GitHub, a large U.S.-based repository where software developers store their codes, has succumbed to a massive distributed denial-of-service attack from sources that appear to come from China, highlighting the country’s latest effort to censor content even outside its territorial jurisdiction.
The surge in traffic to GitHub is said to have originated from users that tried to visit Baidu, a popular search engine in China, thereby partially stifling operations of the coding website. A DDoS attack is the usual method of attack that state-sponsored hackers use to suppress websites that find unpleasant to their sponsor’s name. And China, including North Korea, has been known for its aggressive actions toward anti-censorship tools and content, the most popular of which being the website Greatfire.org and big media outlets.
Quite obviously, Greatfire.org and the New York Times’s Chinese language website seem to be the target of the attack. The huge traffic was directed to the pages of Greatfire.org and NYT on GitHub. These websites are banned in China, but thanks to the technical expertise of the people behind these websites, users in the country are still able to access the websites.
Greatfire.org helps Chinese users avoid censorship programs by the government, particularly the Great Firewall that clamps down on content the Chinese government deems objectionable. Other websites banned in China are the Wall Street Journal and major western media outlets.
As a result of the attack over the weekend, users were not able to gain access to GitHub’s website. GitHub believes the intent of the attack is to force to website to remove content that particularly paints a negative image of China, though the website would not disclose the people that operate the website.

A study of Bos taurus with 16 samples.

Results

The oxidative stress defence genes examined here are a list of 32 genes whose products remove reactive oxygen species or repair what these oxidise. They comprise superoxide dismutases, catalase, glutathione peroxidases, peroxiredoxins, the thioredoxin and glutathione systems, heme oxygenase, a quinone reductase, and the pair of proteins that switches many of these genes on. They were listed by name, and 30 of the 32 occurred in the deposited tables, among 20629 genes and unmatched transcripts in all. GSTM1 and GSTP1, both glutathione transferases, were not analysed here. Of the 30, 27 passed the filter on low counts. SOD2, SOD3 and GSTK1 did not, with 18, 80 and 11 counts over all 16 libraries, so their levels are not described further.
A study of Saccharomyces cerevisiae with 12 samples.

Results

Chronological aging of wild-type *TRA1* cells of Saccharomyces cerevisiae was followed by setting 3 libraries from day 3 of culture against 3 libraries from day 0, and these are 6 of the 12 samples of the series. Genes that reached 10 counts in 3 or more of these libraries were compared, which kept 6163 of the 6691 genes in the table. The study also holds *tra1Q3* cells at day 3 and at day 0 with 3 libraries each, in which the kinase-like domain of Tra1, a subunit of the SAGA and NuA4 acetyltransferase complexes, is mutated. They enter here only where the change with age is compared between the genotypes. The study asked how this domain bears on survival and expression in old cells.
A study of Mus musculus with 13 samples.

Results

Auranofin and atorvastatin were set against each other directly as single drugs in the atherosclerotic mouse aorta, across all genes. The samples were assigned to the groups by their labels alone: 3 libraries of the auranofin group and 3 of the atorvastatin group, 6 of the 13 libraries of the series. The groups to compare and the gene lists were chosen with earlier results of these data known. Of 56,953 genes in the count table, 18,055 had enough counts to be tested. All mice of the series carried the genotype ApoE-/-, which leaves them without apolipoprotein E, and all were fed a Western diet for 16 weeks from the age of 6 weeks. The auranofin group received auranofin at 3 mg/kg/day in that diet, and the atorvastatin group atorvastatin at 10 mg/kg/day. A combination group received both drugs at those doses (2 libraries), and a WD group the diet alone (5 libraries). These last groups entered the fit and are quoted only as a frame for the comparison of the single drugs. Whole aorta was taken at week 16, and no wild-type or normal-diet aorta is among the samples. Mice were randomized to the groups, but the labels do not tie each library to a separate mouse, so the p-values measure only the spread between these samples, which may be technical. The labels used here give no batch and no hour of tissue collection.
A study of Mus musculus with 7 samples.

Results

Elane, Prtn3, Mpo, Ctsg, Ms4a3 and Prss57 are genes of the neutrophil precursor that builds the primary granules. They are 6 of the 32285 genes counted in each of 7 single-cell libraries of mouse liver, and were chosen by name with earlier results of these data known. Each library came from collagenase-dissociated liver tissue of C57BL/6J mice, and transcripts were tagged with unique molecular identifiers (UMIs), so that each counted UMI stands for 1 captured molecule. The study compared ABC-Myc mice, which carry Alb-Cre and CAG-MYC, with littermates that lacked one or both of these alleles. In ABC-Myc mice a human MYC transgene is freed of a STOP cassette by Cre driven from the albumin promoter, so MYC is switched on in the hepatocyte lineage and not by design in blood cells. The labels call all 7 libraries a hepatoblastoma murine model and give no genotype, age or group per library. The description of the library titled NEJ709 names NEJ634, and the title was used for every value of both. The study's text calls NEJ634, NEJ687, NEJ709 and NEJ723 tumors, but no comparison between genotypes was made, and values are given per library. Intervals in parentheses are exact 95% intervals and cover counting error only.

It’s quite clear that the attackers are related to the Chinese government due to the high level of traffic manipulation that paralyzed GitHub. The attack involved traffic from Baidu users outside China, which come in a huge number.
Requests for information from Baidu were being relayed to GitHub through a code that was activated to continuously redirect the traffic. Since the requests to GitHub came from individual computers from across the globe and appeared like normal requests, it was hard for GitHub to block them. The attack was specific only to two pages related to Greatfire.org and NYT, because it would be a double-edged sword if China chose to take GitHub down completely.
The attack is believed to have also cost hundreds of thousands of dollars daily for GitHub.